Looking For Quality
It may be the Christmas Season – Ho! Ho!, Ho! And all that. There may be mistletoe and holly, and oh, by gosh by golly, it’s time for something better than Hallmark Channel movies. Last night was such a time.
At my urging and only a year or more in the waiting, the TV was tuned to something different. Instead of sweetness and light the remote brought up the first of three seasons of “Mr. Robot.”
For those of you have never watched “Mr. Robot,” it is the story of a young Morphine addicted, delusional, and socially inept Computer Security wizard who lives in New York City and works for an IT Security company whose main client is, in his eyes, an International Monster.
How’s that for a setup?
I had already seen the first season, but it has been so long ago that the details and story line have faded from memory – and in this show the details are important. I know that we watched Season One and Dawn insists that we watched part of Season Two, but I don’t think so. Season Three is almost finished being aired and I am determined to Binge Watch this until we are caught up. This show is a commitment. I may have to download a lot of the more recent episodes to get current.
Last night we got through the first four episodes. With “Mr. Robot” I can’t sit through ten episodes of something like the “Mary Tyler Moore Show” or some other bit of fluff. Four hours of “Mr. Robot” and you want to take a shower and install every piece of computer security software you can find.
Whether or not you want my opinion I am about to drop it on you.
“Mr. Robot” is one of the best things on television, after baseball, in some time. It is tightly written and performed. The writers and actors have created a very good team. The directors are keeping the cast on a short leash – and if you have Christian Slater in your cast you need a
short leash, preferably one with an electric shock device built in. Unless the director keeps control of him Slater tends to fall into doing a lame Jack Nicholson impression. In “Mr. Robot” Slater is kept toeing the line.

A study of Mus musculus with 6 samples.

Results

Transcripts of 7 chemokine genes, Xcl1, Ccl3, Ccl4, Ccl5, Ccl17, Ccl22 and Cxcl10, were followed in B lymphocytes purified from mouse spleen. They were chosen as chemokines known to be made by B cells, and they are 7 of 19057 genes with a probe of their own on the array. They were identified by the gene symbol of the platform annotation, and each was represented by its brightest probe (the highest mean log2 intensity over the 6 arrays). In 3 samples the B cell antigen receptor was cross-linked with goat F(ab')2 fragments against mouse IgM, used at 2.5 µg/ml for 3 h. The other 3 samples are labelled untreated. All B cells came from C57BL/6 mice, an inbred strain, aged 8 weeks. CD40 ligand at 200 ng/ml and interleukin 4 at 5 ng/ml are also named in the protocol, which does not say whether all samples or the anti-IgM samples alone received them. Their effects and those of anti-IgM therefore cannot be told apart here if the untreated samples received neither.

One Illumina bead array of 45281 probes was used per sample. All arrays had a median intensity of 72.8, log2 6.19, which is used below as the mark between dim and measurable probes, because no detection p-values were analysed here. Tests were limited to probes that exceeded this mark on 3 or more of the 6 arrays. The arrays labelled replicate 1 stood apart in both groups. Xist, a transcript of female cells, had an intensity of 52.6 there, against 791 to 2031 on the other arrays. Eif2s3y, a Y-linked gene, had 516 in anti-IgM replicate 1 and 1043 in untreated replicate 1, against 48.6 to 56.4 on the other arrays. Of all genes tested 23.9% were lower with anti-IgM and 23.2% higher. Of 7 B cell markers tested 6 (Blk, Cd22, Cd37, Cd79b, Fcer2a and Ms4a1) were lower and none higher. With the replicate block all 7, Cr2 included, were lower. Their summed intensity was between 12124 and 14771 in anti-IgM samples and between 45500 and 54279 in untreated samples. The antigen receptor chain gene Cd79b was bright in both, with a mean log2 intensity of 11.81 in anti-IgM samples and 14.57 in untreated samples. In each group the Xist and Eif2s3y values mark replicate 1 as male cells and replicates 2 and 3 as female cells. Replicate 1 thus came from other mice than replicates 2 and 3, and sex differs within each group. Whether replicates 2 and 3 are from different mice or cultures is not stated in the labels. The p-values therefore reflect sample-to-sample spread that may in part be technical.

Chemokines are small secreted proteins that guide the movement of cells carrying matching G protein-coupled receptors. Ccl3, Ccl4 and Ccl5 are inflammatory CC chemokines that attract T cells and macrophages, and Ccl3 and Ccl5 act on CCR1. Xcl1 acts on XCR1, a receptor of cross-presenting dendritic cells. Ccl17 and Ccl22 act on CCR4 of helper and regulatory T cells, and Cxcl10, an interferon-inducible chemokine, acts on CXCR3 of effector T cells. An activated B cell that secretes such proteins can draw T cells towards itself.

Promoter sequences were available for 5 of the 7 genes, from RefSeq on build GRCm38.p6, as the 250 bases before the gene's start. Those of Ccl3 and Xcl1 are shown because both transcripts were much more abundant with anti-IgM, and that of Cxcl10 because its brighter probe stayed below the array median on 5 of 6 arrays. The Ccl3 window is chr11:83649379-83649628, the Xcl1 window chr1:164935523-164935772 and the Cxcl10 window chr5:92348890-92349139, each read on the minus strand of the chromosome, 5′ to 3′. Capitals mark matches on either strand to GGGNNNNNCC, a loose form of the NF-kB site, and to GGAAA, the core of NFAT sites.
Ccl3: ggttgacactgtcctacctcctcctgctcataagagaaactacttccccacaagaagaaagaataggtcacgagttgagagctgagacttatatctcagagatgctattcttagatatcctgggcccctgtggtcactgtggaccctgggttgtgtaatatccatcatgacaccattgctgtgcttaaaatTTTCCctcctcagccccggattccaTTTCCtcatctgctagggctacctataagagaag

The cast, aside from Slater, is largely a crew of unknowns (to me at least) who populate a world of dark and mangled personae.
The story is set in today’s world and the corporate giant villain has a logo that is the same as the now gone but not forgotten “Enron.”
“Mr. Robot” is not a lot of laughs. It is not “My Mother the Mainframe.”
The plotline gets hard to follow at times as the main characters battle personal demons and struggle to fit into a corrupt and under attack industrial landscape.
If I can work my way through all three seasons back to back and avoid going stark raving bonkers or check myself into Nurse Ratched’s ward I will, no doubt, be seriously exhausted. After the first season the show and the actors received a number of awards and critical kudos – all of which were well earned.
Like I said at the beginning, “Mr. Robot” is one of the best things on television, but it is not the best.
In my opinion, which is infallible, if I do say so myself, the best show on TV is “Better Call Saul” I’ve fallen a whole season behind on that one too.
“Saul” is a spinoff from the widely honored series “Breaking Bad,” and is a “Prequel” with everything taking place before Saul’s appearance on the now finished series. I may have to end up buying the DVDs to get to all of the episodes I’ve missed, but it would be worth it.
After “Better Call Saul” I think that “Mozart in the Jungle” is up there with the very best. It is also set in New York City and is about the life of a Symphony Orchestra and its Conductor and Musicians. It is a peek into an often overlooked and obscure world. Season Three is coming up very soon.
That’s it. After these three series there is a serious drop-off in quality and watchability. It is like going through a Gallery filled with Rembrandts, Vermeers, and Van Goghs and then being led into another room filled with “Paint by Number” pictures.
There is quality out there. You just have to look for it and ignore the slag heap.